Mr. Lom’s career spanned eight decades and more than 100 films, and he was frequently cast as a heavy. “I was a foreigner, and in English eyes, all foreigners are villains,” he once said.
He had settled in England during World War II, and his good looks, forceful stare and cultured Eastern European accent convinced casting directors that he could pass credibly as an Italian, Greek, Frenchman, Arab and even the King of Siam.
Mr. Lom played a Moorish warlord who battled Charlton Heston’s noble Spaniard in “El Cid” (1961), Captain Nemo in “Mysterious Island” (1961) and the title role in “The Phantom of the Opera” (1962). He twice played Napoleon Bonaparte, in Carol Reed’s “The Young Mr. Pitt” (1942) and King Vidor’s “War and Peace” (1956), and was a vicious gangster in the first-rate thriller “Night and the City” (1950) and the celebrated dark comedy “The Ladykillers” (1955) with Sellers and Alec Guinness.
Fearing he had been typecast in villainous parts, Mr. Lom said he was grateful when “Pink Panther” director Blake Edwards hired him as Dreyfus in “A Shot in the Dark” (1964). Mr. Lom said he got the role because Edwards “did not want a comic actor who would play Dreyfus for laughs.”
Mr. Lom reprised Dreyfus six more times, portraying the supervisor to the clumsy, inept Inspector Jacques Clouseau who stumbles haplessly to glory. Clouseau was played for many years by the British actor Sellers, with a ludicrous French accent.
The success of the “Panther” films largely relied on the comedic tension between the two main actors. In a 1976 review of one of the “Panther” movies, critic Vincent Canby of the New York Times wrote, “I'm not sure why Mr. Sellers and Mr. Lom are such a hilarious team, though it may be because each is a fine comic actor with a special talent for portraying the sort of all-consuming, epic self-absorption that makes slapstick farce initially acceptable — instead of alarming — and finally so funny.”
In playing Dreyfus, Mr. Lom developed a signature facial twitch for the character that usually erupted the minute Clouseau walked into view. The tick was not in the original script, but it was added when Mr. Lom began doing it involuntarily out of nervousness during filming. The director told him to keep it in.
The quality of the “Pink Panther” films sank over the years, Mr. Lom said. “I made those films for 20 years, and after 10 years they ran out of good scripts,” he told the London Independent in 2004. “They used to say to me, ‘Herbert, wink here, wink.’ And I said, ‘I'm not going to wink. You write a good scene, and I won’t have to wink.’ ”
Herbert Charles Angelo Kuchacevich ze Schluderpacheru was born in Prague on Sept. 11, 1917. He attended college and acting school in the Czech capital before moving to England in 1939, shortly before Germany marched into his homeland. In London, he won a scholarship to study at the Embassy Theatre acting school despite performing his entire audition in Czech, a testament to his skill.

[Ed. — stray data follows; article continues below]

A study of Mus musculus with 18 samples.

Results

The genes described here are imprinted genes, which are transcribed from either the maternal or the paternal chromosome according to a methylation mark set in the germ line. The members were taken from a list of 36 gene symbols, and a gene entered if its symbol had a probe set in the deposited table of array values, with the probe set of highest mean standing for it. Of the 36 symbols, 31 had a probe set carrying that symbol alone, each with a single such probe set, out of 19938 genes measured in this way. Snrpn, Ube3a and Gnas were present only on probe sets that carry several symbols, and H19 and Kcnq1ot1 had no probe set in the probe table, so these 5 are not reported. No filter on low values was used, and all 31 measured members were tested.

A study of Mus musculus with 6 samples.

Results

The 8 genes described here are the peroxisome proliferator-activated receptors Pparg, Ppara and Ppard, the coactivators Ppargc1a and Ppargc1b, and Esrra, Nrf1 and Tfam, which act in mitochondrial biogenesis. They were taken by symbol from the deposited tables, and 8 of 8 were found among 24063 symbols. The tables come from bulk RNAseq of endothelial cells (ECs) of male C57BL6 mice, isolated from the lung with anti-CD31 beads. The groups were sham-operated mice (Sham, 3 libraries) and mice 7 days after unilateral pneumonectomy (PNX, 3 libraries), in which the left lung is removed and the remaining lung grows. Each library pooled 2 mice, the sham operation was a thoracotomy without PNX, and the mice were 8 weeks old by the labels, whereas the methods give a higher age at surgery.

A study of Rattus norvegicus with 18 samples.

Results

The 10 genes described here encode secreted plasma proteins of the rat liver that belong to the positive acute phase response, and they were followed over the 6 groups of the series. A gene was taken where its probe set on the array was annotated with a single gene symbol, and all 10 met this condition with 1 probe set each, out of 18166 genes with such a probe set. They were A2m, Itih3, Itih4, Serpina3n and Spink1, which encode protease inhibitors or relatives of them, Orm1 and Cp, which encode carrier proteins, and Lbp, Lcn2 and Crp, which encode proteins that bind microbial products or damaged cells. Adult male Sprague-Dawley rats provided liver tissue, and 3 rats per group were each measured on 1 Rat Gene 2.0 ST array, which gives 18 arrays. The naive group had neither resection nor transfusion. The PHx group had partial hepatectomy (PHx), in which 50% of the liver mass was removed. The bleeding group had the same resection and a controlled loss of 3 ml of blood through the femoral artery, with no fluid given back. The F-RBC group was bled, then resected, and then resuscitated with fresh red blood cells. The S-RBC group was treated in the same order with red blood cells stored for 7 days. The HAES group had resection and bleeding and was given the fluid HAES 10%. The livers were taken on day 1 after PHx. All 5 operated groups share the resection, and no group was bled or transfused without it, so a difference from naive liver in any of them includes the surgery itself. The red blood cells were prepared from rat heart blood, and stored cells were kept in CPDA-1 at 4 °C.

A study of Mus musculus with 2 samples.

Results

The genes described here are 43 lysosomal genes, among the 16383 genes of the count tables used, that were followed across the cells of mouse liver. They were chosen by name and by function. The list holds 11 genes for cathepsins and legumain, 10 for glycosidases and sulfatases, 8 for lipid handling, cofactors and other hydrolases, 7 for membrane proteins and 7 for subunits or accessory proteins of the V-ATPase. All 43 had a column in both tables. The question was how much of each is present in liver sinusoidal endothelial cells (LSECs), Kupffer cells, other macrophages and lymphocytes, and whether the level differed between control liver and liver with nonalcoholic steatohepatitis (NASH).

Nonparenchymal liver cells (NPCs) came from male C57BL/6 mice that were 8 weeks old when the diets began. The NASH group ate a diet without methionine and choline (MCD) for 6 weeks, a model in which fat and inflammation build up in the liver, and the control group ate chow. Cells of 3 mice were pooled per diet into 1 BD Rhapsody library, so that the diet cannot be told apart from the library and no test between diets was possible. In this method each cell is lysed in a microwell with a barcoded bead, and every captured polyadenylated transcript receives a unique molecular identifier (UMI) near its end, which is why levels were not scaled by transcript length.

He appeared in popular movie fare, including “The Seventh Veil” (1945) as a psychiatrist who treats a pianist (Ann Todd) who suddenly finds herself unable to perform.
He had a rare romantic leading role in “Hell Is Sold Out” (1951) with the starlet Mai Zetterling and played a gentle Italian truck driver in the thriller “Hell Drivers” (1957) with Stanley Baker. He had supporting roles as a prosecutor in Jose Ferrer's “I Accuse!” (1958), based on the treason trial of French military officer Alfred Dreyfus, and as a Sicilian pirate in Stanley Kubrick's “Spartacus” (1960).
In 1953, songwriters Richard Rodgers and Oscar Hammerstein II informed Mr. Lom that they wanted him to audition for the role of the King of Siam in the London production of their hit musical “The King and I”; Yul Brynner had become a Broadway star in the role.
Mr. Lom performed it for two years, opposite Valerie Hobson as schoolteacher Anna Leonowens.
Theater critic Kenneth Tynan called Mr. Lom “practically an act of God” in the role.
Crime, spy and horror movies make up a large part of Mr. Lom’s later screen credits. He made several films for England’s Hammer Films, which he once called a “cheap little outfit.”
“For one of my scenes, the Hammer people wanted me to smash my head against a stone pillar because they said they couldn’t afford one made of rubber,” Mr. Lom told the horror film Web site Horror-wood.com. “I refused to beat my head against stone, of course. This caused a ‘big crisis,’ because it took them half a day to make a rubber pillar that looked like stone. And of course, it cost a few pennies more. Horror indeed!”
Mr. Lom was married and divorced twice, including once to beauty cream businesswoman Eve Lom. Survivors include three children.
Mr. Lom, who wrote two historical novels, was regarded as a gifted raconteur. As a young actor in London, he once said, he was invited to join the prestigious Old Vic theater group about the same time a job offer came from the Czech and German department of the BBC.
“I didn’t know which to take, so I wrote to a friend, asking him to cable me with his advice,” Mr. Lom told the Independent. “I was sitting in the bath when the landlady knocked and said, ‘There’s a gentleman to see you, Mr. Lom.’ It was a policeman holding a telegram. He said, ‘Can you explain this, sir?’ I looked at the telegram and it said simply: TAKE BBC. It was simple career advice from my friend, but the police thought it must be something terribly sinister.”